As regards Paribas, Horace Finaly2 and a fellow-director at the bank, Jules Chevalier, very quickly grasped that all the territories along the Danube would be faced with serious eco- nomic difficulties unless a degree of economic coherence could be maintained between them. With the support, perhaps even at the instigation, of France s Ministry of Finance, Paribas took control of a Vienna-based bank, k.k. privilegierte Österreichische Länder- bank (Royal Chartered Austrian States Bank), re-locating its headquarters to Paris in 1921 and renaming it Banque des Pays de l Europe Centrale (Central European States Bank). We will return later to this event, which resulted in Paribas establishing a pres- ence in Czechoslovakia, Romania and Poland.

Meanwhile in Belgium, in 1919 several top managers at the Société Générale de Belgique Group took part in the work of two commissions set up by the Minister of Foreign Affairs, Paul Hymans. One commission was given the brief of reviewing the country s consular organisation, while the other was tasked to study ways and means of developing Bel- gium s export trade. It was agreed that the SGB Group, through its BBE subsidiary, would assist trade growth by setting up branches in a number of countries. This is how BBE came to expand very fast in Eastern Europe. In 1919-1920, the bank opened branches in Bucharest and Braila. When Banque de l Union Parisienne (BUP), a French merchant bank with which Société Générale de Belgique had had links since its foundation in 1904, expressed disappointment that the Belgian Group had set up in Romania without inviting BUP to participate, the Governor of SGB, Jean Jadot, explained BBE s new policy regarding Belgian expansion to the BUP Chief Executive Lucien Villars: The Belgian government sees it as extremely importance that BBE whether by itself or through subsidiaries in which the bank has major influence should be established in every country in which Belgian firms have business interests 3.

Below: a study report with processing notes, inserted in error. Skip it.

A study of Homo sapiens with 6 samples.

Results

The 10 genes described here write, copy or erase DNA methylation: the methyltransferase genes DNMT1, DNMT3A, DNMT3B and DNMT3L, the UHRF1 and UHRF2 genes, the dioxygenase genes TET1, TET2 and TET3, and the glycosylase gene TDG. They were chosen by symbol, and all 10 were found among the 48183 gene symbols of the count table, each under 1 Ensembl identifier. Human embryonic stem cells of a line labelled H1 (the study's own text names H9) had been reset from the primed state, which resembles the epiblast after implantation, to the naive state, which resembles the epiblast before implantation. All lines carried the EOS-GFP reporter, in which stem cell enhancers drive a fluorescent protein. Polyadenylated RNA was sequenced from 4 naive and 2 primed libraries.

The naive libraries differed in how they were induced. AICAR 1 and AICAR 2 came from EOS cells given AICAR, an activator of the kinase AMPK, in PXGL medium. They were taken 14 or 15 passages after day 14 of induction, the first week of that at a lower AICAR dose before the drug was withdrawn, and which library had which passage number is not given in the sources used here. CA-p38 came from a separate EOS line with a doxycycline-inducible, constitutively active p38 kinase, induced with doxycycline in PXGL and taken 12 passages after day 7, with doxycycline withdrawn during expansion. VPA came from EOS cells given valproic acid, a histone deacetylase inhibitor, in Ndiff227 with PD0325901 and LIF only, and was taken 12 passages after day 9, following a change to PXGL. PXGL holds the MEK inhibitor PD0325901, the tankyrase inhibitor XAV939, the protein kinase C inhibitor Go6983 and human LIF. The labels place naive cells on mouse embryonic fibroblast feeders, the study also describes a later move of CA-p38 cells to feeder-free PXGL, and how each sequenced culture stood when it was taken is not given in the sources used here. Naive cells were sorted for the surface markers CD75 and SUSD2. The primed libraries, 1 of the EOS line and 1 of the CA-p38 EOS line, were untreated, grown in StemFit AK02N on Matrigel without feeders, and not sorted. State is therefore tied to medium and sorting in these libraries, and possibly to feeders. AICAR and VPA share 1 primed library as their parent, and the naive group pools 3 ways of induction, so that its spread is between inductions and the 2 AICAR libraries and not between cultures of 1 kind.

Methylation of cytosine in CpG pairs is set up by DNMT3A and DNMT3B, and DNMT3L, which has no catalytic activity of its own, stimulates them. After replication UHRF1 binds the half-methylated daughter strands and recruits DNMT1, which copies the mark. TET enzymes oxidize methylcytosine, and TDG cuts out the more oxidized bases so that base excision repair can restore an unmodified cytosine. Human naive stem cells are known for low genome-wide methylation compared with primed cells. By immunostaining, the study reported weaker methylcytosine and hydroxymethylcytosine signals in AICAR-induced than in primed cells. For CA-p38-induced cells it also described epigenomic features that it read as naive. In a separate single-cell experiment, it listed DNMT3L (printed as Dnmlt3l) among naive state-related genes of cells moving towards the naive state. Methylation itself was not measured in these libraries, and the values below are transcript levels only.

In fact BBE did not open branches of its own in other Eastern European countries, pre- ferring instead to collaborate with a Viennese bank, the Wiener Bankverein (WBV). This bank had been established in 1869 and had since become one of the leading financial institutions in Austria in terms of capitalisation, possessing branches in all the sovereign states that had arisen from the break-up of the Austro-Hungarian Empire. Bowing to the nationalist sentiment prevalent in these new republics, WBV planned to turn its branches there into subsidiary companies. In order to do so however, the bank would require funds at a moment when it had been considerably weakened by the war.

BBE and WBV rapidly formed an extremely cordial and trusting relationship. It was agreed that the SGB-BBE group would help to finance the development of the WBV group in two stages. In 1920, Société Générale de Belgique underwrote a capital increase for the Vien- nese bank, taking a 15% stake for itself. In a second phase, BBE took direct stakes in the various banks set up by WBV by transforming its branch networks in Czechoslovakia,

2. Managing Director of Paribas from 1919 to 1937.

3. State Archives of the Kingdom of Belgium Vol II, SGB 4, n° 3568-3570, Jean Jadot to Lucien Villars, 27 June 1919.